Dr. Bret Benally Thompson
White Earth Ojibwe
Clinical Assistant Professor
University of Wisconsin-Madison School of Medicine and Public Health
Bret tells his grandfather he’d like to be a doctor. His grandfather replies, “You’re too stupid to be a doctor.” To this day Bret is unsure why his loving grandfather would respond in such a manner. In hindsight, Bret thinks it is because they had never heard of anyone from the reservation becoming a physician.
Bret graduates from high school with poor grades. Bret periodically takes college and community college courses through his 20s, withdrawing from as many classes as he completes, while as he works a series of jobs, including military service as an Army officer, and as a deputy sheriff in Houston, then Austin, Texas.
While working as a deputy sheriff in Austin, Bret is driving his patrol car, when he realizes he needs to be a doctor: “I actually had this striking thought that came to me, and it was like a bolt of lightning kind of thing, almost like somebody else was telling me, ‘You really can be a doctor. Not here: these are not your people. You need to go back home and do this for your people.’ I decided right then that’s what I was going to be—a doctor.”
Before going back to school he worked as an EMT on a rural ambulance service and in a clinic in Breckenridge, Colorado, as well as a member of a mountain search and rescue team. It was these jobs that convinced him of his love for medicine. During these years as an EMT, one of the doctors he worked with became his mentor, sharing with him the rewards and the difficulties of being a doctor. From these experiences both in police work and as an EMT, he knew he enjoyed serving others and he found medicine fascinating.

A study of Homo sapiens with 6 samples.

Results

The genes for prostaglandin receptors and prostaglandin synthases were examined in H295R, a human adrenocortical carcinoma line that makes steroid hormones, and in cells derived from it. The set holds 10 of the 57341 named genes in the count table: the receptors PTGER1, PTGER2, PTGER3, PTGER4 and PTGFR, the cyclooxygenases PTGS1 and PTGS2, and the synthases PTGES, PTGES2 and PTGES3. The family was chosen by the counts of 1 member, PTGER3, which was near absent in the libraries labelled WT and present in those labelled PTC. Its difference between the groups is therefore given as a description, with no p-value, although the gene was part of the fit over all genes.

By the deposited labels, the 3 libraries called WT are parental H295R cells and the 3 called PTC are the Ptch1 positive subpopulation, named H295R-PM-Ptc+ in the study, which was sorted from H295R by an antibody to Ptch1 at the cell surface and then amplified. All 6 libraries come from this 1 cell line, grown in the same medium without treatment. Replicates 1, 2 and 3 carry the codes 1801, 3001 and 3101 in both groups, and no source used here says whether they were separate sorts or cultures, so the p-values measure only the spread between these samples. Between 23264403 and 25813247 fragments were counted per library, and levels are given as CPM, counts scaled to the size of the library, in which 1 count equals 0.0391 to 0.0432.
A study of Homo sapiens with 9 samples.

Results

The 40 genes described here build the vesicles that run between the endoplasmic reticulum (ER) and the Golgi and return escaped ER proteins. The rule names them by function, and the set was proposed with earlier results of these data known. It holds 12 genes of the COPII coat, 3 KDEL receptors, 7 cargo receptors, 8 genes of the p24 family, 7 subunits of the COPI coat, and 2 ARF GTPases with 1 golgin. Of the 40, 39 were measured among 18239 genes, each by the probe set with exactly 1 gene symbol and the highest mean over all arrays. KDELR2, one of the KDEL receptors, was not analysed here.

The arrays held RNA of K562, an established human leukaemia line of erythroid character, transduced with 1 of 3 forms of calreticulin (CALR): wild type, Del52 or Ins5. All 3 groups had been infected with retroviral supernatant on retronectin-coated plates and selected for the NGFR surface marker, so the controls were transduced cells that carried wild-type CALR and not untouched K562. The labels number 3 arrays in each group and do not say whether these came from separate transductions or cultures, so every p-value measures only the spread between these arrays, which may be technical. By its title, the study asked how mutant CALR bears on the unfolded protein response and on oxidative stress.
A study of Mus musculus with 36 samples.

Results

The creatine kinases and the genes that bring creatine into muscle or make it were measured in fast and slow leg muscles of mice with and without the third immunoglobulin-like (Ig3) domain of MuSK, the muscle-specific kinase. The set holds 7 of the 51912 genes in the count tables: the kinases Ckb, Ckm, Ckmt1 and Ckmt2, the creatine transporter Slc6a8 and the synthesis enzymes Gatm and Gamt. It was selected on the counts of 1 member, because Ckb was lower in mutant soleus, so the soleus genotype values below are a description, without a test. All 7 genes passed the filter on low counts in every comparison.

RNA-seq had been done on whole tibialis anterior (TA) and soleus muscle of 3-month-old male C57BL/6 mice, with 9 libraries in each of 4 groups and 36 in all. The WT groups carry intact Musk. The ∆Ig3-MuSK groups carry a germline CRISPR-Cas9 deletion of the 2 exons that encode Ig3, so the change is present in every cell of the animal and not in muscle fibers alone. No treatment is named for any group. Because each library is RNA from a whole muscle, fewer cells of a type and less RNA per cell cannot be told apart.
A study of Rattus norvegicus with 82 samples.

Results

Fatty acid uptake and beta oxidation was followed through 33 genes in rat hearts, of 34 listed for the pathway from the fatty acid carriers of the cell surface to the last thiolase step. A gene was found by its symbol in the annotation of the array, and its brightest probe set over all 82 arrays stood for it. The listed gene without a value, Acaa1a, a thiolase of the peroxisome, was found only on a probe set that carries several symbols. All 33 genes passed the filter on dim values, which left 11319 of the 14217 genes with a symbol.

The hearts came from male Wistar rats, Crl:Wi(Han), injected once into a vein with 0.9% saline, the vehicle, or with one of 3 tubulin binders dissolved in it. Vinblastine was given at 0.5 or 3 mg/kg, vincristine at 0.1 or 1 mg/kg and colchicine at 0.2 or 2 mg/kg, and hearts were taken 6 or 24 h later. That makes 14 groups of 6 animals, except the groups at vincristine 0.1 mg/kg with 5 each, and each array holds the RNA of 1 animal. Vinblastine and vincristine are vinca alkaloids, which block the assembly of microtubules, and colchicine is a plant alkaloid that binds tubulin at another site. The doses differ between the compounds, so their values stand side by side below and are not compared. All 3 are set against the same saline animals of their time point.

Armed with this knowledge and enthusiasm, Bret returns to college. Bret is able to carry a 3.75 average: “I still doubted myself every once in a while. I remember telling my elders, ‘This is too hard.’ They said, ‘No, we need you.’ How could I say no to that?” He stayed focused, studied hard, remembered his elders words, and believed in himself, continuing to achieve the grades that allowed him to apply to medical school.
Bret sets his sights on the University of Minnesota Duluth because of the strong support they have there for Native American medical students, as well as being a top school in rural and family medicine. On one of his visits as a pre-medical student, he meets Dr. Jerry Hill, a Native physician. “Dr. Hill gave me permission to be a medical student. He said, ‘You are going to be one of the few Native American physicians.'”
Bret begins medical school in Duluth. During these stressful years, he receives support from his community and mentors. After Bret completes his residency in Family Medicine in Alaska, he decides to do an additional year of residency in Hospice and Palliative Care, a newfound passion.
Bret begins working at the University of Wisconsin Hospital in Madison, where he both cares for patients and mentors young doctors. When Bret sees that same spark in a student’s eyes that Dr. Hill saw in his, he encourages them in the same way. “You can achieve your dream, if you are willing to work hard and not give up. If I can do it, so can you.”